One of the city’s most inspirational people is taking on a new challenge to help people to get the opportunities he never got.
Gethin Jones, who runs Unlocking Potential is taking on the Three Peaks Challenge – climbing Ben Nevis, Scafell Pike and Snowdon in 24 hours – but with a twist – he will perform a headstand at the highest point in England, Scotland and Wales.
He is raising money for Flying Solo – a charity that helps provide opportunities for Portsmouth care leavers, which are young people leaving care homes or foster families.
The 49-year-old, from Southsea, was once in a position where he was leaving the care system and found that because of the lack of support and access to resources, it caused him to fall down a slippery slope.
Now Gethin, who is a trustee of the charity, runs his business to help people like him to get the most out of their lives, through motivational talks in prisons and support for young offenders.
Gethin said: ‘This is close to my heart as I too was a care leaver and truly understand what it is like to find your way in the world when leaving children’s homes or foster care. When I left care in the late 80s it was a daunting experience and in truth I did not always have the guidance I needed.
‘I got to a place where I stopped trusting adults and stopped building relationships because deep down I felt they would not last. This way of being meant that I made a lot of bad choices that led to me going to prison and becoming a dependent heroin user. I would like to say that fast forwarding 30 years things have changed, but unfortunately they have not.’
He is hoping to raise £1000 to allow him and other previous care leavers to do more work to help people when leaving their care families, including allowing them to meet up with friends and families.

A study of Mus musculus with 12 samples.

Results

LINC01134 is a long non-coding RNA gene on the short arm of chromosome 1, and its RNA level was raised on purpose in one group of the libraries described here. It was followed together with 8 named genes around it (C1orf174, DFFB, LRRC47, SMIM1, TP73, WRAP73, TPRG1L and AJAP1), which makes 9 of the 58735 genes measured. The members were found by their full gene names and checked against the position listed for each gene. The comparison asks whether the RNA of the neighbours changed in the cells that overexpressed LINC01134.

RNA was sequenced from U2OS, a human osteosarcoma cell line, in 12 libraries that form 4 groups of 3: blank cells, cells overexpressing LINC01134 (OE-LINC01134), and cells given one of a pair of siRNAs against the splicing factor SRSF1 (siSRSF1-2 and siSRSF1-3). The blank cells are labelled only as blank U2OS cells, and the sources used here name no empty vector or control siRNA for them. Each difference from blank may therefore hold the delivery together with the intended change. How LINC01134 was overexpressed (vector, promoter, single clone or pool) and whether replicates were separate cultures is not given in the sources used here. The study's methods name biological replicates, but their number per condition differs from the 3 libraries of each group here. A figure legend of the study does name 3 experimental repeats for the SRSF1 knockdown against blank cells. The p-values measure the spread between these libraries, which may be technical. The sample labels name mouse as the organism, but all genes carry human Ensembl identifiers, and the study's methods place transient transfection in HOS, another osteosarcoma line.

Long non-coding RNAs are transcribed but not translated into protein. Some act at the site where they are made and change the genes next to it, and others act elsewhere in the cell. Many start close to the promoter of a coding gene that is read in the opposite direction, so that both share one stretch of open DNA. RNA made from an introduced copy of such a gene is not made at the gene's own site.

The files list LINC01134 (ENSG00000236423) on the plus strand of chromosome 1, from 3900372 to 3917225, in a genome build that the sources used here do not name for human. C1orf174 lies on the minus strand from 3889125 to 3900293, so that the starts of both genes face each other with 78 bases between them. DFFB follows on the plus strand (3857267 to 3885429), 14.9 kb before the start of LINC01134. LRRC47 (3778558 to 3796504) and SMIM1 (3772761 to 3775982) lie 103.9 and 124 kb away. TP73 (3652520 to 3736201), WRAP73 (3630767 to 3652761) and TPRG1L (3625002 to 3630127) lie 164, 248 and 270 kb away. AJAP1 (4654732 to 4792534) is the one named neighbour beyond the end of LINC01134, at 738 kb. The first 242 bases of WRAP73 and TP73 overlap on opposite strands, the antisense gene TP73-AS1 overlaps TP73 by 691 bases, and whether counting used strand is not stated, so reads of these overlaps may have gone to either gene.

He said: ‘A care leaver is more likely to listen and trust another care leaver because they have been there. We know that peer support works, we have seen it with substance misuse and crime, the hope of a better life comes from those that walked the path before them. Myself and others will be the support today’s care leavers need that we never had. This will then mean that in the future the care leavers we help today will be the ones who help the care leavers of tomorrow.’
The challenge has been backed by the charity, as well as Shaping Portsmouth and Portsmouth City Council.
Claire Thomas, who is a trustee at the charity, said: ‘Being care experienced myself means that I am acutely aware of the uncertainty surrounding leaving care. It is a time of challenging life transitions, that, without the right supportive measures in place, can hugely impact mental and physical wellbeing.’
CEO of Shaping Portsmouth, Stef Nienaltowski said: ‘When I was told about the care leavers issue in the city, it resonated with me and I am adamant that we are not going to turn away any care leaver that wants to involve themselves and eventually, every care leaver that has a business mentor that they can meet a few times a year.
‘It’s really beneficial to everyone involved – and much appreciated – that Gethin is doing this and it will allow the work to continue to support care leavers.’